While each year we recognize those in our business who are having a major impact, we overlook the young people who will shape the business in years to come. Many have a different perspective on our industry. For one thing, each of the four outstanding young construction professionals we talked with mentioned the importance of work-life balance. Each also discussed how they had to overcome the perception that their age (and, in one case, gender) meant they could be bullied or ignored. The solution to that, they all agreed, is to work harder and from that to gain confidence and earn the respect of older colleagues. Here are their stories.

Chris Garcia, Concrete Project Manager, Charles Pankow Builders, Pasadena, Calif.

Many young people jump around from job to job early in their careers, but that’s not Chris Garcia’s style. “This was my first job out of college, starting in 2008. Pankow lost about 25% of its people during the recession; but I held on, kept busy, and did whatever it took. They saw my potential and kept me around.”

Today he’s part of a five-person concrete group that acts as a subcontractor to Charles Pankow Builders and also takes on work from other general contractors. “I like the venue here,” he says. “The key is collaboration and feedback. It takes more time but makes the work experience better and that pays off in terms of safety, quality, cost, and schedule.”

While earning an engineering degree with an emphasis in construction management at California Polytechnic State University-San Luis Obispo, he interned with a heavy civil contractor and realized he loved construction but not heavy civil work. “I think government work stagnates innovation. At Pankow, we work on buildings in urban environments and we are encouraged to innovate.”

Loay Hanthel, Project Manager, M.J. Dean Construction, Las Vegas

The Resort World project on the south end of the Strip in Las Vegas is a massive project that was up to level 53 on the tower portion as of mid-December. You might expect to find an old pro running such a big job, but then you meet Loay Hanthel: young, but a force of nature.

Hanthel moved from a job with Largo Concrete in Orange County, Calif., to Las Vegas in early 2018. “I hated to leave – Chris Forster and Ken Long are mentors and friends – but this was such a great opportunity I couldn’t pass it up.”

As a professional engineer, he could have stayed on the design side but saw more opportunity in construction. He brought with him expertise with laser scanning and other technology solutions. “I convinced M.J. Dean to invest in technology,” he says. “Now we have robotic total stations and all the foremen are working on iPads to do their dailies. Everything is easy to track, there are no unknowns, and improved quality has followed.”

Outside of work, Loay has been going to local high schools to tell students about the joys, and challenges, of construction. He’s paying it forward.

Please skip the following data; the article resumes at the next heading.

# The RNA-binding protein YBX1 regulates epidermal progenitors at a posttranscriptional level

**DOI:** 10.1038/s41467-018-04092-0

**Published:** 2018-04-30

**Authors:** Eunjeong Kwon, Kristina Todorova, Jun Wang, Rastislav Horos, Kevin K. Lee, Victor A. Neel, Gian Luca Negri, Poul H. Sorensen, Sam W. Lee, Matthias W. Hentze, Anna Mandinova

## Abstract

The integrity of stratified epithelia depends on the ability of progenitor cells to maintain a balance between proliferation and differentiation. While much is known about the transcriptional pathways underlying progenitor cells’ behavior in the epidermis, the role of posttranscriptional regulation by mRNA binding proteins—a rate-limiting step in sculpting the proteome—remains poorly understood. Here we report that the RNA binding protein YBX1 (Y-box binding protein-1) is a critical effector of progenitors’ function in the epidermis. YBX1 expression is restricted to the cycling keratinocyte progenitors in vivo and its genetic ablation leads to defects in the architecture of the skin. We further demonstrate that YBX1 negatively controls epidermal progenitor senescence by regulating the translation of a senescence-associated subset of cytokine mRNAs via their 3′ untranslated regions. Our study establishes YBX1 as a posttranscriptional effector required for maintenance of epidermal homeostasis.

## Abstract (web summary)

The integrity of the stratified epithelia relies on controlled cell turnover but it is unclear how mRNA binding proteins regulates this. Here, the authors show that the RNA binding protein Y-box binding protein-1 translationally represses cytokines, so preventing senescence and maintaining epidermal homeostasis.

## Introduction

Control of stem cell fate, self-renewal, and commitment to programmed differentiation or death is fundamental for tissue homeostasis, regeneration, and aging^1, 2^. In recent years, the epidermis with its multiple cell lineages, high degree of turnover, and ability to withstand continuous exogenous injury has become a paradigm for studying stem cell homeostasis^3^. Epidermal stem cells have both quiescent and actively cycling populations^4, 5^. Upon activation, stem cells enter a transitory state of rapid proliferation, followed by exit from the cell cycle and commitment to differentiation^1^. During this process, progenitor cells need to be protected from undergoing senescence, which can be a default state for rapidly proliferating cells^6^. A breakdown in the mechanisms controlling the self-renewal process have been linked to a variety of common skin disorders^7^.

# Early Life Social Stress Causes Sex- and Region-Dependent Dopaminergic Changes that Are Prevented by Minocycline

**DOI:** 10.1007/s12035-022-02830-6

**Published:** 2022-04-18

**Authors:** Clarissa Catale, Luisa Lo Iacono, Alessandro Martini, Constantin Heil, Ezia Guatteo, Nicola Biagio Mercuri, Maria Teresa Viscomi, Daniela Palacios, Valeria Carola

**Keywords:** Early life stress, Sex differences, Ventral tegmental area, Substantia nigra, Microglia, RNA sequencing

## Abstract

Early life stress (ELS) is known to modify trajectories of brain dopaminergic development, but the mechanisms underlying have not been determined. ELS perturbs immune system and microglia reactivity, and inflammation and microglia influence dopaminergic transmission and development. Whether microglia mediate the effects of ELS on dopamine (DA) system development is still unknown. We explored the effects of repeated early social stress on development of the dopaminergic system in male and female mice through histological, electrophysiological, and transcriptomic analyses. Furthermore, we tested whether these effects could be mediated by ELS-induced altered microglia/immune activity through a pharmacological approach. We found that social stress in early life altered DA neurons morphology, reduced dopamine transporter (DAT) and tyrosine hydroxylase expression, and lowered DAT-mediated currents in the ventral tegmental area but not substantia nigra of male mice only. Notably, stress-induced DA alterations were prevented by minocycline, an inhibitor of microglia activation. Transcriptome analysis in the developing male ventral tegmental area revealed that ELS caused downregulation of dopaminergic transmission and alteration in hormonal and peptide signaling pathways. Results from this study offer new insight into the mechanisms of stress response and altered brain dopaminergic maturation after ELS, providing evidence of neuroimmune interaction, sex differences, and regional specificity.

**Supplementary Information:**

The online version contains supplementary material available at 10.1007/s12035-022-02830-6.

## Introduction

Matt Poppoff, President, Poppoff Concrete Contracting, Moxee, Wash.

While Matt Poppoff is president of the company his father founded and ran for many years, that path wasn’t a straight line. After high school he moved to Seattle, about two hours away, to pursue a tech career.

“I told my dad I didn’t want anything to do with concrete: ‘I’m moving to Seattle and never coming back,’” he says. “I lived there for about five years and met my wife. We came back to Yakima, Washington, for a visit and she asked why I didn’t want to work for the concrete business when it was obviously exciting for me.”

Yakima, Washington, for a visit and she asked why I didn’t want to work for the concrete business when it was obviously exciting for me.”So, they moved back about 10 years ago. He spent the next two years working in the field as a laborer and finisher, eventually became safety director and vice president, and last fall was named president. In addition to his father, his mentors include Steve Lloyd, who he calls “my East Coast father.”

Matt sees communication as one of the keys to success today in construction. “I think my generation is looking for communication more than previous generations.” He also has found confidence from working with the American Concrete Institute (ACI). “One important reason to get involved with ACI was gaining the confidence to talk about concrete in an intelligent way—it can be terribly intimidating.”

Ashley Stamper, Project Manager, Danko Concrete Construction, Atlanta

“I started in the business doing estimates for my father’s company instead of playing with coloring books,” says Ashley Stamper. Today, she’s a project manager overseeing six large projects. “We have been building enormous buildings compared to even a few years ago. We’ve done three buildings in the last two years that are over 1 million square feet. I think that’s a trend: Buildings will continue to get bigger, and one of the things that allows us to do that is the technology that allows us to collaborate and transfer drawings instantly.”

Stamper feels her mentors made a big difference in her ability to thrive; and when they are Rocky Geans and Tommy Ruttura, you know she’s been getting good advice. Other things she sees changing in the concrete business are safety and available resources. “Every American Society of Concrete Contractors meeting starts with safety. It didn’t used to be that way, but it makes sense because our people are our main asset as well as our friends.”